Are general practice roles a recipe for a turf war?

Study suggests pharmacists could face resistance from nurses and doctors

Community pharmacists could end up in a turf war with practice nurses and GPs if they take on a general practice role without a clear job description, a UK study suggests.

Are general practice roles a recipe for a turf war?

The researchers surveyed pharmacists, GPs and nurses in 10 clinics, and found many pharmacists who had taken on general practice work didn’t have a clearly defined role in the practice.

In some cases, this had led to tension in their relationships with GPs and nurses, the Kingston University-led study authors reported in Research in Social and Administrative Pharmacy.

The integration of community pharmacists into general practices needs to be well planned to avoid these problems, they wrote.

“Most importantly, the needs of the clinic and the population of patients it serves should be evaluated first to help specify the job description.”

Here are five key learning points from the research:

  1. Working with GPs can create professional insecurity on both sides. According to one pharmacist: “I think certainly before you do anything else you have got to get the trust of the doctors. And I think for somebody just starting out, that could be quite a challenge really because doctors are quite assertive and very definitely you do get this ‘we are in charge, you are not’.”
  2. GPs noticed that the arrival of a pharmacist created tensions with the practice nurses. One GP admitted the problem stemmed from employing the pharmacist when they couldn’t find another doctor without knowing what their role would be. “We looked at parts that could be done and felt that a pharmacist could fulfil that role but we maybe hadn't sold that to the nursing team.”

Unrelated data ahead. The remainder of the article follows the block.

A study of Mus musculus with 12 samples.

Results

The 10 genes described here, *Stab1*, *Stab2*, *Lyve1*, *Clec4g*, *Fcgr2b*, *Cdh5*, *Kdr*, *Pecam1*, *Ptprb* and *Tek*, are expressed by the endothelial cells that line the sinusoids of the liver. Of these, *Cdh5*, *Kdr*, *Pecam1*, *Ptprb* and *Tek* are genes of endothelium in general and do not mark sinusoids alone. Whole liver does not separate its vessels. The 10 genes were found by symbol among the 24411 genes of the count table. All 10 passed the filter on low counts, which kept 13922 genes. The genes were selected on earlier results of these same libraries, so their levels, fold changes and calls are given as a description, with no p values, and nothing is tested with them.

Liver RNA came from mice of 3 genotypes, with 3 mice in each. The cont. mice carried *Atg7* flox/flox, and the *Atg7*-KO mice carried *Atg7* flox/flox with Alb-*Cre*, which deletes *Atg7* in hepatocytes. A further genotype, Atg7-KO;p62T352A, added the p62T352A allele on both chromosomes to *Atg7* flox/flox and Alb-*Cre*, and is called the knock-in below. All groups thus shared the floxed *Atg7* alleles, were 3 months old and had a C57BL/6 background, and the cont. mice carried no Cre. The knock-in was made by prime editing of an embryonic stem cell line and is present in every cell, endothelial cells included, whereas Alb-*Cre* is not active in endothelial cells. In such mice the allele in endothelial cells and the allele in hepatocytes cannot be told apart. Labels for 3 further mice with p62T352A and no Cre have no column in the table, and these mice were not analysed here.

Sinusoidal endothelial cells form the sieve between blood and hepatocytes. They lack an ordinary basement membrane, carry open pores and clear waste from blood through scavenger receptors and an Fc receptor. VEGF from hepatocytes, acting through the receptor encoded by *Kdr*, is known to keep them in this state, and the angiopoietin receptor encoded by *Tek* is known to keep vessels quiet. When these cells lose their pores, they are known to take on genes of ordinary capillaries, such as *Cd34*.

3. In some cases, there was significant overlap with the nursing role. One pharmacist’s diabetes training led to “a bit of a turf war” with the nurse, one GP reported. And one nurse admitted they didn’t call on the pharmacist except for medication reviews.
  4. Some pharmacists feel undervalued. “The problem is that GPs are only investing in pharmacists because they are forced to,” said one pharmacist. “GPs and nurses are in short supply. They are looking for someone else that can fulfil a role within the practice that can take some of the strain. It's at that stage they think ‘maybe we could use a pharmacist’.”
  5. Working in general practice can affect pharmacists’ relationships with local community pharmacies. Two pharmacists raised concerns with local pharmacies ordering unnecessary repeat prescriptions for patients. “And there is no way I can justify those. I think in some way it is setting you against your community pharmacy colleagues which shouldn't be happening,” one pharmacist reported.

In addition to interviews with 19 pharmacists, nine GPs and nine nurses or nurse practitioners, the study authors asked 38 patients about their appointments with a practice-based pharmacist.

Nearly all (92%) were satisfied or very satisfied with the appointment and all but two agreed with the pharmacist’s clinical recommendations.

In addition to a clearly defined job description, pharmacists also needed time for further training to develop their role, the authors concluded.

“There needs to be a strategy to improve the patient awareness of the enhanced role.

“Finally, further interprofessional education is needed at undergraduate and postgraduate level to strengthen professional relationships.”

More information: Research in Social and Administrative Pharmacy 2019.